I'm not one to follow celebrities or read the gossip rags, but certain kinds of headlines still make it into my purview. Like when the public was blindsided this year by the deaths of first Kelly Preston, of metastatic breast cancer, and then Chadwick Boseman, of colon cancer. Both chose to keep their stage IV diagnoses and their accompanying struggles a secret, and in doing so, in my opinion, silenced issues begging for a greater voice and in desperate need for more visibility.
Is it my business how anyone responds to a terminal diagnosis? Is it my right to want them to behave differently that I would? It isn't. As an average person, I can't begin to imagine how difficult it is to have a private life while constantly in the spotlight. And yet, it feels to me as though these personalities—and others before them—had a platform and enough widespread exposure to bring about more awareness and action, rather than bury it.
And it just seems selfish to me that they didn't use those privileges.
There. I said it and I'm not sorry.
I have chosen to be very open about my own experience with stage IV metastatic breast cancer, and I just don't get why some people aren't with their own diagnoses. It's frustrating. I truly feel a responsibility to share what's happening to me and I hold that expectation to others as well.
For one, cancer can affect anyone. Whether you're old or young, rich or poor, healthy or unhealthy, female or male ... you're at risk. There's a misnomer that wealthy people with access to better care will get a pass, but we've seen with so many that all the money in the world can't protect them. Screening can catch it early and certain lifestyle choices can reduce the risk of getting cancer at all, but there are genetic factors at play as well—and sometimes just plain dumb luck. And, because mammograms, colonoscopies and PSA tests, for example, don't begin until around ages 40-50, younger people might not discover they have the disease until it has advanced.
Therefore, being well informed about those possibilities and responding with diligence could save your life.
Cancer can also recur. A person can endure successful treatment and be deemed cured, but that doesn't mean they're in the clear—even if their immediate threat is removed. A percentage of people will have their cancer not only come back, but also metastasize. For breast cancer, that number has been reported as high as 30%. With movements such as Pinktober and Movember, you might ask: Do we really need more awareness? Do we really need people of all walks to come out and share their stories? I believe yes.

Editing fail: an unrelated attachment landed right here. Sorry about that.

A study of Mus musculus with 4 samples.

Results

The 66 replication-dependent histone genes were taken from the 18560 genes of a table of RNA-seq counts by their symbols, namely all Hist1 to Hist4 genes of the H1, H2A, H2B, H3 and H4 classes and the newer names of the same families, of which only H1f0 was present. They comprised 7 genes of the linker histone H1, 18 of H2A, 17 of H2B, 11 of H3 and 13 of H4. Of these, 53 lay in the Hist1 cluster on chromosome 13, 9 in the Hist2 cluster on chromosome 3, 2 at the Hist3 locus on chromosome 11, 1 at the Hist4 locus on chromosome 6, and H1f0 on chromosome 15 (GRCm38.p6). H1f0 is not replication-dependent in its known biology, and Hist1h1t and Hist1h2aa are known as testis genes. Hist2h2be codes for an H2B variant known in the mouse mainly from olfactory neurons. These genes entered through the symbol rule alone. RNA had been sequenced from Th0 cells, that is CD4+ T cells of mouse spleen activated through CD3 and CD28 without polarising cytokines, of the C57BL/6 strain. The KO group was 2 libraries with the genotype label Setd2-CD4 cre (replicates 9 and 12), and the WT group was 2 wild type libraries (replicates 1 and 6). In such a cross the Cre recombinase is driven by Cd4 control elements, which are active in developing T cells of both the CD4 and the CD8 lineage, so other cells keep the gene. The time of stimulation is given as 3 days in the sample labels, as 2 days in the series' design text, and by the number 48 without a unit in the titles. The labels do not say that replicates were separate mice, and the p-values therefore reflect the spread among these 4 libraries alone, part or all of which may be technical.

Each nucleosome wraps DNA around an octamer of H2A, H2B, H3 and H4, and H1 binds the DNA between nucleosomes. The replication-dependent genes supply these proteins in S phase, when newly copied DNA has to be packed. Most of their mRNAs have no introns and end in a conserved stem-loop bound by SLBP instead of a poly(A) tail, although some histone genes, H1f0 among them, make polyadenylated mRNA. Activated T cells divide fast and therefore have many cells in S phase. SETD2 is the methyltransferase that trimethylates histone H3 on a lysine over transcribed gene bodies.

Except, awareness tends to focus on prevention and early detection. I would never say those aren't important, but a balanced effort is really what's necessary. For metastatic breast cancer, funding for research, treatments, and cures is not on par with other allocations. Those who need it most; those for whom it's too late—like myself, like Kelly Preston—aren't getting enough attention. And, so we have to ring our bells loudly, and sometimes, disruptively. (Thanks, Shannen Doherty for doing the right thing.)
If this comes off as righteous or self-centered, that's not my intention. It's a plea for more people to be vocal. And rather than feel embarrassed or inhibited, to let that vulnerability be a vehicle for others' learning—and drive the potential for more equity in where fundraising dollars go.
Ultimately, I believe everyone is entitled to be as open or closed about their lives as they feel comfortable with. But, if I changed one person's mind about speaking up and speaking out—for the greater good—then I achieved my purpose.
Written by Allison Kay Bannister, a West Michigan resident since 1987, professional writer since 2002 and GVSU alumna, who recently launched her own freelance writing business. Allison enjoys travel, art, dance, food and exploring world cultures—and, of course, writing about all these and more.
Photo courtesy of Allison Kay Bannister.